Tender at the Bone
In TENDER AT THE BONE: GROWING UP AT THE TABLE, NEW YORK TIMES restaurant critic Ruth Reichl remembers the people who taught her how to cook and live. Reichl’s unfailingly entertaining stories of family and friends invariably turn to descriptions of what they cooked and what they liked to eat. Reichl’s tales begin with a disastrous engagement party thrown by her mother and how Reichl, then twelve, struggled vainly to prevent guests from eating the casserole her manic-depressive mother (“The Queen of Mold”) concocted out of leftovers from Horn and Hardart’s Automat.
Having established that neither her culinary talent nor her sensitive palate could have come from her mother, Reichl introduces her Aunt Birdie and Birdie’s cook Alice (and includes their recipes for potato salad and apple dumplings); Mrs. Peavey, the well-bred Reichl family maid who enchanted eight-year-old Reichl with bedtime stories of “galantine, forcemeat, aspic, florentine;” teenage friends she entertained at drunken parties with devil’s food cake; and a beloved college roommate whose shattering self-discovery pulled their friendship apart.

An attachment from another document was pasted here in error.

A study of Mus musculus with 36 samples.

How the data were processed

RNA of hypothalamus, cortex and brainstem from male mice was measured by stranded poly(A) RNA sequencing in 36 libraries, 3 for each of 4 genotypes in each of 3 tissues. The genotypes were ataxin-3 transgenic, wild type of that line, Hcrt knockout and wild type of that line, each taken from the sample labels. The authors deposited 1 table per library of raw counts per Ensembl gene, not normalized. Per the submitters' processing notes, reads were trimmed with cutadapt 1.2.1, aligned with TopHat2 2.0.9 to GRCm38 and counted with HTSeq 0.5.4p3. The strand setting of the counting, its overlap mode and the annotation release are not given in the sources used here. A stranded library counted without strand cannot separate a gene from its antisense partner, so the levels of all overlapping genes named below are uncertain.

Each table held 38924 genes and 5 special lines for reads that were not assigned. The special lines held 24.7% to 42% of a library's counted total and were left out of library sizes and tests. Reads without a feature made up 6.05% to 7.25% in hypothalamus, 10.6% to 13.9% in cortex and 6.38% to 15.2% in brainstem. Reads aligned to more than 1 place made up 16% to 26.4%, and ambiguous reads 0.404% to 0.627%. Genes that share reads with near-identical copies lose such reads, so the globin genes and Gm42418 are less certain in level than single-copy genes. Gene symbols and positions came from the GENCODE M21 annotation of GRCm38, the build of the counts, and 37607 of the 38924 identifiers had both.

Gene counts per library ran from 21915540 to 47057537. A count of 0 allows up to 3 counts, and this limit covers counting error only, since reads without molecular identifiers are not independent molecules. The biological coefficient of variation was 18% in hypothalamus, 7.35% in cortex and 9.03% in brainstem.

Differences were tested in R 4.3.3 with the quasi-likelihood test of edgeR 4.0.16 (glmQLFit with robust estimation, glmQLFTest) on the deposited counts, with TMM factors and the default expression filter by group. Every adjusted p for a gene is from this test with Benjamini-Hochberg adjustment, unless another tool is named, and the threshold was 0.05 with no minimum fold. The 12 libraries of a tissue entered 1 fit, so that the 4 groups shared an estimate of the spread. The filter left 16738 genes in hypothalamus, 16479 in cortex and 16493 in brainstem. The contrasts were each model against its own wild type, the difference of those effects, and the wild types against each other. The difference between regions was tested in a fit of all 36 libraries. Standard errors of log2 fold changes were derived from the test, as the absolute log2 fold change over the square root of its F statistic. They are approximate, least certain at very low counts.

Reichl’s tales of travels in Europe, life in a Berkeley commune, and her eventual entry into professional writing are all punctuated with memorable characters. A French waitress teaches Reichl to properly bone a fish; a college professor is delivered from unrequited love in an Italian sculpture garden; a commune dweller hilariously epitomizes the social conscience of early 1970’s youth.
A dark undercurrent runs through Reichl’s tales due to her mother’s manic-depression and the often phobic fear that she herself will also succumb to mental illness. As the book closes, Reichl finds inspiration in strong women who cook and eat wonderful food, to overcome her mother’s manic energy and her own paralyzing fears.